Veterans for Peace won the right to march in the parade through a court ruling and with help from the American Civil Liberties Union. And the reaction from spectators was varied.
For the most part, the parade provided a chance for people to express their gratitude for those who served long ago, for those serving now - and for all those who never came back.
One group of veterans, however, nearly lost its chance to march in this parade.
"We are no less veterans simply because we believe peace is the proper approach in this world and not wars," says David Kannis, a member of Veterans For Peace.
Veterans for Peace won a last-minute court battle to participate after the city of Auburn tried to exclude the organization. The city argued that the group's anti-war message ran counter to the purpose of the parade.
"They just had to be told by a federal judge that they're wrong," says Kannis.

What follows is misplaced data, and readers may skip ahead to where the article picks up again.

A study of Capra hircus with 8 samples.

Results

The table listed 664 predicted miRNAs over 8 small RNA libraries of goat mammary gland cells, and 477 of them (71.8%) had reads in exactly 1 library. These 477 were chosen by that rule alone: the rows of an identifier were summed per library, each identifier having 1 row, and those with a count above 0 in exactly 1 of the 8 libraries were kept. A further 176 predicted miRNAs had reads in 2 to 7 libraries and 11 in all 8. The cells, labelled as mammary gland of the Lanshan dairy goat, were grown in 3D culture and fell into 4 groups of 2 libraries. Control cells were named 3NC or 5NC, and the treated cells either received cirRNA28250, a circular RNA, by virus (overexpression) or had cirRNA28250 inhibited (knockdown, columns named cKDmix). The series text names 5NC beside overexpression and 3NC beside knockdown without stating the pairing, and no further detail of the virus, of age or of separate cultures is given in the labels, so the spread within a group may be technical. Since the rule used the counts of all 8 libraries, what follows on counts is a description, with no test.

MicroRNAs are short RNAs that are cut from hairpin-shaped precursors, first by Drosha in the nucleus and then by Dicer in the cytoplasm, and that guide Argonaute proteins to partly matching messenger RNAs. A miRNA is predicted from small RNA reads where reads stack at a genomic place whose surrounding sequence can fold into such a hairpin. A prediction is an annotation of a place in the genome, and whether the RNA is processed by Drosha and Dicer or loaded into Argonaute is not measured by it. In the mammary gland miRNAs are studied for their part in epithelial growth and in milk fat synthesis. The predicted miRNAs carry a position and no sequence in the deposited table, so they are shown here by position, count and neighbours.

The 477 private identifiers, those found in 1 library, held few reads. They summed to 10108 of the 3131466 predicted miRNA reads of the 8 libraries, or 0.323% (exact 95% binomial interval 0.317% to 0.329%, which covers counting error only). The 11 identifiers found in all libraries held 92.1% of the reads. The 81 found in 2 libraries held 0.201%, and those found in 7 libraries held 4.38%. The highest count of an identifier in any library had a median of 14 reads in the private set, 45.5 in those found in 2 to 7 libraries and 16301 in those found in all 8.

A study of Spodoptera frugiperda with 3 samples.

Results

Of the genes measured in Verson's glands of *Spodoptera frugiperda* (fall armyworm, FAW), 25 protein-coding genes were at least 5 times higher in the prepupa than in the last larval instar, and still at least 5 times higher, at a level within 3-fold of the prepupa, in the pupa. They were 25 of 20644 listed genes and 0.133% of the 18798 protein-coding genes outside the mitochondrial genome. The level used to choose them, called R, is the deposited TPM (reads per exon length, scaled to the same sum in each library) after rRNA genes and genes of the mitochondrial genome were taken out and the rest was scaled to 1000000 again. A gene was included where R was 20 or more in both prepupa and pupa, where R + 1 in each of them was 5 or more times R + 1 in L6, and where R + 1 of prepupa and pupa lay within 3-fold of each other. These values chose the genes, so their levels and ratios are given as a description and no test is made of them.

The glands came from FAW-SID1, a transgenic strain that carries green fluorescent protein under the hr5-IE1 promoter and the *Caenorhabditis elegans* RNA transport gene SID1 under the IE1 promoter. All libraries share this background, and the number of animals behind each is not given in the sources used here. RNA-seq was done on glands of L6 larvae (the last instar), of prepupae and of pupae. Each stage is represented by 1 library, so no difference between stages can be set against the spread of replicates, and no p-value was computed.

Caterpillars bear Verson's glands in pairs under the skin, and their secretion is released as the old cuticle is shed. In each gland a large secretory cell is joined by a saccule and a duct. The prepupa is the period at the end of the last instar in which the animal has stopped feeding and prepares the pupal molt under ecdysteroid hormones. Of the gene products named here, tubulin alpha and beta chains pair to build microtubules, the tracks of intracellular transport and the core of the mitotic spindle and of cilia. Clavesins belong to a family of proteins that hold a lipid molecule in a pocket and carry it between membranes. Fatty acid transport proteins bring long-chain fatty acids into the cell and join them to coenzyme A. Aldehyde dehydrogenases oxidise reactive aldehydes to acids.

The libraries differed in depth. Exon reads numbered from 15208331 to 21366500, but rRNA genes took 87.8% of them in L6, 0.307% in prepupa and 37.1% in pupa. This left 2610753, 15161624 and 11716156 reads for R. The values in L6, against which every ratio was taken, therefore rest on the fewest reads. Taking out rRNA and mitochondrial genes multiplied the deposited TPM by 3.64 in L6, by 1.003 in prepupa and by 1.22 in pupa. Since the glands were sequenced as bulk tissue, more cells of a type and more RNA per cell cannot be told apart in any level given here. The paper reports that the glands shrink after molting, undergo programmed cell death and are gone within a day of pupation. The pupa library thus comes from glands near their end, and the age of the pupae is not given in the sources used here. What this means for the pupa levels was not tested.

Along the parade route, some said they believe the city was right.
"It's just not fitting," says Connie Hill, who found the presence of the Veterans For Peace a distraction. "They can have their own parade. ... They come from an opposite view of what this whole parade stands for."
It's a point of view that frustrates Kannis.
"They have forgotten what the First Amendment is all about," he says.
But along the crowded sidewalks of Auburn, you saw mostly expressions of support for the Veterans for Peace - and the idea that free speech is one of the fundamental rights they all fought for in the first place.
The mayor said Auburn believes in abiding by court rulings, and it's time to move forward. He thought the dispute took nothing at all away from the splendor of the day.